New artisan cafe to offer unique coffee blend, refined baked goods, merch

First announced in April 2023, Brown Bee now aims to open by late May, prior to Brown’s spring 2024 commencement ceremonies.
Courtesy of Waleed Ghazi
First announced in April 2023, Brown Bee now aims to open by late May, prior to Brown’s spring 2024 commencement ceremonies. Courtesy of Waleed Ghazi

For months, residents of College Hill have been buzzing with excitement over the announcement of Brown Bee Coffee — a new cafe and bakery set to open at 404 Benefit St.. 

Brown Bee was first announced in April 2023, with an opening date scheduled for November of that same year. But, supply-chain setbacks and equipment licensing delayed the opening by several months, explained owner Waleed Ghazi. 

The cafe now aims to open by late May, prior to Brown’s spring 2024 commencement ceremonies, Ghazi shared in an interview with The Herald.

Ghazi attributed the delays to challenges achieving the unique “cafe culture” and ambiance he envisioned for Brown Bee. “Had we just opened a coffee shop, it would have been a lot easier and more streamlined,” he said. To Ghazi, the cafe should be “a place people want to go every day and spend time in.” 


But Brown Bee is not just a coffee shop. “Brown Bee is a lifestyle,” Ghazi said. 

Beyond offering traditional coffee beverages, such as its signature dark roast “Buzz Blend,” the cafe will also feature a full bakery and kitchen, allowing for in-house baked eats. 

In particular, Ghazi hopes the new eatery will transform New England’s “croissant scene,” which he found was “lacking compared to (its counterparts) in Asia and Europe,” he said. 

The cafe also hopes to incorporate a walk-in only, limited weekend brunch menu. While the details are still not finalized, Ghazi said that it will “be an experience that’s slightly more elevated than your classic cafe breakfast.” 

Ghazi also shared that Brown Bee will offer a curated clothing collection that “elevates the classic cafe merch (where) you would just find a cap and a t-shirt by the register.”

Curated as a nod to the historical district of Providence, Brown Bee will be both “modern” and “timeless,” with the hope that “50 years from now, the space will look special in its own way,” he added. He noted that Brown Bee has collaborated with New Orleans-based lighting designers Bevolo to revamp the streetlamps outside of the cafe with gas flames. He hopes this will add character to the exterior of the building and enhance the feel of the historical district.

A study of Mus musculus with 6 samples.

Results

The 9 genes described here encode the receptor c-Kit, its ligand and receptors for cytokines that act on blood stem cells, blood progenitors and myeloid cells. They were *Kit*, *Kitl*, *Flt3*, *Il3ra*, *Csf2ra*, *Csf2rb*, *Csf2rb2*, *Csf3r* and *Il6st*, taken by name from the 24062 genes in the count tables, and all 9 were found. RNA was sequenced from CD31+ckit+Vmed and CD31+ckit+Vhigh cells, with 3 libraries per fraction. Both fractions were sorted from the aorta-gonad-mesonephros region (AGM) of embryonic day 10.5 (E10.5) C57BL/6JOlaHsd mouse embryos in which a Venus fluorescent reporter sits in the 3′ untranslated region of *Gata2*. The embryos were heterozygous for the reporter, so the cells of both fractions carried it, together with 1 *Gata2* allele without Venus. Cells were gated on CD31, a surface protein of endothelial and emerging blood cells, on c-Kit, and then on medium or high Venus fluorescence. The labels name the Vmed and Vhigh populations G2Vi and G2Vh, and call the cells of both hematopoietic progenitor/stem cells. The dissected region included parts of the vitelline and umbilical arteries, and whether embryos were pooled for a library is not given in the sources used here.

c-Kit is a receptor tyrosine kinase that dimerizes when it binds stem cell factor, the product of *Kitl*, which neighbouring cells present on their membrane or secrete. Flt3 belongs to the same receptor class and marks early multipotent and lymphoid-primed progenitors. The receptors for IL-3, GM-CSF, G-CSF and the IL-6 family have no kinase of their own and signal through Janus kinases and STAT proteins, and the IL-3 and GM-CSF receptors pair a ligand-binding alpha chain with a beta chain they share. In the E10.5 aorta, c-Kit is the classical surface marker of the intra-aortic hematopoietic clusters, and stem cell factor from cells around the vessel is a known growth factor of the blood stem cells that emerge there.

Ghazi also described his plans for other renovation projects, such as transforming vintage mail sorters into a coffee register and repurposing centuries-old chimney bricks for exterior and interior decor. 

But not all projects have run smoothly, Ghazi explained. At more than 200 years old, the building occupied by Brown Bee was built using post-and-beam construction — a form of architecture that requires many supportive posts. This ran contrary to Ghazi’s vision of an open layout, requiring the team to “redo the entire structure of the building.”

But a background in real estate and construction allowed Ghazi to “navigate through the construction part of Brown Bee a lot more stress-free than a new owner … renting a space,” he explained. Ghazi’s real-estate company, Ghazi Property Group, owns Brown Bee’s building. As a result he “felt that (his) ideas came to fruition a lot more.” 

In fact, Ghazi first conceived of Brown Bee in 2022, after his company first purchased the property and started to receive offers from local businesses seeking to rent the space. “That led me to think that … maybe this is my sign to get into the food industry,” Ghazi said. 


Brown Bee will join a multitude of local businesses serving coffee to the College Hill and Fox Point communities. 

Autumn Qiu ’25, who frequents Ceremony and Starbucks for their specialty drinks and productive atmospheres, looks forward to having another cafe around. “I like to study in coffee shops,” she wrote in an email to The Herald. “The sound of people’s conversation is like white noise for me and I can really focus.”

Qiu first came across Brown Bee on the way to Trader Joe’s and plans to visit when it opens. She is looking forward to “cozy study spaces” and “good music.” She also hopes that Brown Bee will offer higher quality drinks than the “over-extracted” coffee she has found at some other cafes in Providence.

For Gaby Choi ’26, a frequenter of Coffee Exchange on Wickenden Street, price is one of the main factors when deciding where to get her caffeine buzz. “Coffee is so overpriced almost everywhere now,” she wrote in a message to The Herald.


Tom Li

Tom Li is a Metro Editor covering the Health & Environment and Development & Infrastructure beats. He is from Pleasanton, California, and is concentrating in Economics and International & Public Affairs. He is an avid RIPTA passenger and enjoys taking (and criticizing) personality tests in his free time.